Although the Covid-19 pandemic persisted throughout the year, the healthcare industry continued to fulfill its duty based on experiences of last year. While going all out to develop Covid-19 treatments and vaccines, the industry tried to graft new technologies, including AI, to promote the sector's development. In the process, the industry revealed problems requiring correction, such as manipulating raw materials and impurities caught in antihypertensive drugs. Still, the sector continued to improve itself in keeping with the changing global healthcare industry amid the Covid-19 crisis. Korea Biomedical Review has compiled the five biggest industry stories in 2021. — Ed.
Many Korean companies jumped into developing chimeric antigen receptor T (CAR-T) treatment in 2021.
According to industry insiders, the local approval of Novartis' CAR-T treatment (ingredient: tisagenlecleucel) has sparked enthusiasm among local biopharmaceutical companies.
CAR-T therapy is a cell therapy product genetically modified to attack cancer cells by injecting chimeric antigen receptors into immune T cells. Because of its high response rate, it is also called a "miracle anticancer drug."
However, it has a complicated manufacturing process, such as collecting the patient's T cells at a medical institution and then culturing them in a good manufacturing practice (GMP) facility.
Also, Korean patients have difficulty accessing the treatment developed by multinational pharmaceutical companies due to high costs.
Accordingly, Korean companies have tried to solve such problems by developing and local native CAR-T therapeutics.
Several companies, such as Curocell, Abclon, GC Cell, Ticaros, Helixmith, Toolgen, Cllengene, Eutilex, and Vaxcell Bio, have started developing or announced their intention to develop a CAR-T treatment.
In February, Curocell received approval from the Ministry of Food and Drug Safety for a phase 1 clinical trial of CRC01, a CAR-T treatment candidate, and became the first Korean company to initiate a CAR-T treatment clinical trial in Korea.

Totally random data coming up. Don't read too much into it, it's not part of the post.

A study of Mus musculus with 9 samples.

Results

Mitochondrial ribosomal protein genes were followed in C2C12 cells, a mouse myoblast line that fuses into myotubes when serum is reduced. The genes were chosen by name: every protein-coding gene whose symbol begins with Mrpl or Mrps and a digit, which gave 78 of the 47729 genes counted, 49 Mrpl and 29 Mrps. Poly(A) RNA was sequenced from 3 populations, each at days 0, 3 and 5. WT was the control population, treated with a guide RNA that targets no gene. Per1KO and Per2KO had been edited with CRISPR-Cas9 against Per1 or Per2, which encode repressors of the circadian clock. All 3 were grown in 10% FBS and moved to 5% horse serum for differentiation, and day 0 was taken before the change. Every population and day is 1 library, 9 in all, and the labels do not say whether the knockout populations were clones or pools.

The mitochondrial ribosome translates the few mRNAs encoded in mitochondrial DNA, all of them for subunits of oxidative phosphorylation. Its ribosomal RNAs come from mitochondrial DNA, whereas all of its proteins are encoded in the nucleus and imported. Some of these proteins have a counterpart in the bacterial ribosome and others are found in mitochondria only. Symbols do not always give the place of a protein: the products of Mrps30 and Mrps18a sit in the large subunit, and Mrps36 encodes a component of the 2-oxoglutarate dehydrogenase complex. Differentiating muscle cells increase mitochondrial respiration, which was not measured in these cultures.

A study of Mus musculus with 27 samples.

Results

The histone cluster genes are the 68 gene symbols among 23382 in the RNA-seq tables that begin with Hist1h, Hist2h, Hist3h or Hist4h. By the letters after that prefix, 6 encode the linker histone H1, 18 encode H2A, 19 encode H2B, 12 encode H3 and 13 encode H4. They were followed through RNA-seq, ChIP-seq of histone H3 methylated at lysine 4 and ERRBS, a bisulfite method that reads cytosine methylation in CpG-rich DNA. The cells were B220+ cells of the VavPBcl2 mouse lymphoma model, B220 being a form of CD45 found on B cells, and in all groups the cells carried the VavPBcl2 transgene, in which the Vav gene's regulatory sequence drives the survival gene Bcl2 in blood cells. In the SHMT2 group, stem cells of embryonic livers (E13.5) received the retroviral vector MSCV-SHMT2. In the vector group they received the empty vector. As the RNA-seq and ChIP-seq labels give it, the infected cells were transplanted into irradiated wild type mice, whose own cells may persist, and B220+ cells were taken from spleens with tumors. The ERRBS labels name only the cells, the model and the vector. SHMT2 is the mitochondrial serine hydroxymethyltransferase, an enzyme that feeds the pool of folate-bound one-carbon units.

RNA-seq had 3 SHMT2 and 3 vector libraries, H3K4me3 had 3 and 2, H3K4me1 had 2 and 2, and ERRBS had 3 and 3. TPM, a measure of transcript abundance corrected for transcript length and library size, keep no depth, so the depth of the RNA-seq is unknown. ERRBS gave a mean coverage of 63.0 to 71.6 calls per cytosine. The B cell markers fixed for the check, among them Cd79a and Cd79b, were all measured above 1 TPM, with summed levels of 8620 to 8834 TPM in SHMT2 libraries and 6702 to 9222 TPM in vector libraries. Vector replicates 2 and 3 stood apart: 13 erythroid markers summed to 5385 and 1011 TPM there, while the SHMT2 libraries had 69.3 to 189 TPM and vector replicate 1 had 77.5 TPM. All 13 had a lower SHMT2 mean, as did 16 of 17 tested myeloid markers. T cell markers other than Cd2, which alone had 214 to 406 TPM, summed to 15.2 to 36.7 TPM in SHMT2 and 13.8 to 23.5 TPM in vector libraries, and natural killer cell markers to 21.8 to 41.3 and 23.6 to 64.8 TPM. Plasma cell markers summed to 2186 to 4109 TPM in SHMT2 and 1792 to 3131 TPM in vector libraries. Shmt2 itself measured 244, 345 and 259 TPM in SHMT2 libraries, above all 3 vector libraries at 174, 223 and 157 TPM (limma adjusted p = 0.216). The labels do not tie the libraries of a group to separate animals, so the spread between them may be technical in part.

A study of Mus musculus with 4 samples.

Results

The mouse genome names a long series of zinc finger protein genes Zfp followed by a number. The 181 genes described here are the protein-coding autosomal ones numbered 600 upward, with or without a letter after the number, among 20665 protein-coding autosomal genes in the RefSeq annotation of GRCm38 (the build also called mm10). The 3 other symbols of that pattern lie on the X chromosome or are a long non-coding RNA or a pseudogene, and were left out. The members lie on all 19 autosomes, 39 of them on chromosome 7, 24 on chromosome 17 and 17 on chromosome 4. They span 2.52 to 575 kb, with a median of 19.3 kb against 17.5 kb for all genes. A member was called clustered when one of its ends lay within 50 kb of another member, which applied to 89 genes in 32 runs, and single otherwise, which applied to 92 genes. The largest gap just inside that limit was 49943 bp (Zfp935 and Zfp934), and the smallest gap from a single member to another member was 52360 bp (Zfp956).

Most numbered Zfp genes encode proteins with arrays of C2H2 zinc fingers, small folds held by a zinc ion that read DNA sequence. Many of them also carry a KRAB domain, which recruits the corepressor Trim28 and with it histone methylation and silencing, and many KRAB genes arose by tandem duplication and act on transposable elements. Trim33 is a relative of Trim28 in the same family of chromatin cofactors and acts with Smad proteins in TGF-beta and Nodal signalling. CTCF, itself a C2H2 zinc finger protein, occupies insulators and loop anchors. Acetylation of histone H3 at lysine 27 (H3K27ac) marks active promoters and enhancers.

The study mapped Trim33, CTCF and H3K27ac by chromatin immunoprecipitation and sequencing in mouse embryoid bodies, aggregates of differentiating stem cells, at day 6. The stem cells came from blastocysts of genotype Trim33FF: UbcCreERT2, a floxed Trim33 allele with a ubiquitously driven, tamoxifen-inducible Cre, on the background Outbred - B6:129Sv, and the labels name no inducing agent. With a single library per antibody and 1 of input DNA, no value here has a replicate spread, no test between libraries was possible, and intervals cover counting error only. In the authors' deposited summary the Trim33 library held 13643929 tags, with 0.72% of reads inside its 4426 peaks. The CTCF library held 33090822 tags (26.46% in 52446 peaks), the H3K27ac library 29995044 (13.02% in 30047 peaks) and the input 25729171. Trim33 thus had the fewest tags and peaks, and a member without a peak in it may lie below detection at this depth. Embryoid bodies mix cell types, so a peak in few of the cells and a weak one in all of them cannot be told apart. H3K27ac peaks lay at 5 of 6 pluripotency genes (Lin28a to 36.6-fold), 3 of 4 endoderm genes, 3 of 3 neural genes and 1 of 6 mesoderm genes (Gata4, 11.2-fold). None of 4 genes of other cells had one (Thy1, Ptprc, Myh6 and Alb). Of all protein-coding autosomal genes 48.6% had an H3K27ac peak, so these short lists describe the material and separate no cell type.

CRC01 is a CD19 CAR-T treatment that suppresses the expression of immune checkpoint receptors, PD-1 and TIGIT, and the company has applied its proprietary technology called "overcome immune suppression."
The company is currently conducting the trials at Samsung Medical Center after recruiting patients with diffuse large B-cell lymphoma who relapsed or were refractory after two or more times of systemic chemotherapy. Curocell, which administered the first dose of the treatment in April, has recently raised expectations by disclosing the interim results of its phase 1 lowest dose cohort data.
Abclon had submitted its investigational new drug application for a phase 1 trial for AT101, a CD19 CAR-T treatment candidate, in June. The company aims to treat patients with relapsed or refractory B-cell non-Hodgkin's lymphoma.
However, the company has still not received the go-ahead from regulators.
Unlike Curocell and Abclon, GC Cell plans to develop its CAR-T treatment in the U.S.
It plans to conduct a clinical trial for a mesothelin-targeted CAR-T treatment through Novacel. The company is also aiming to treat solid cancers.
Companies are not the only ones showing interest in CAR-T treatments as major university hospitals have also started researching CAR-T treatments and are preparing to establish related infrastructures.
In April, Samsung Medical Center opened the country's first CAR-T cell treatment center. In September, the Seoul St. Mary's Hospital signed a memorandum of understanding (MOU) with Eutilex to develop a CAR-T treatment.
Also, Seoul National University Hospital received approval from the Ministry of Health and Welfare and the Ministry of Food and Drug Safety for a clinical study of CAR-T treatment for relapsed/refractory pediatric acute lymphoblastic leukemia earlier this month.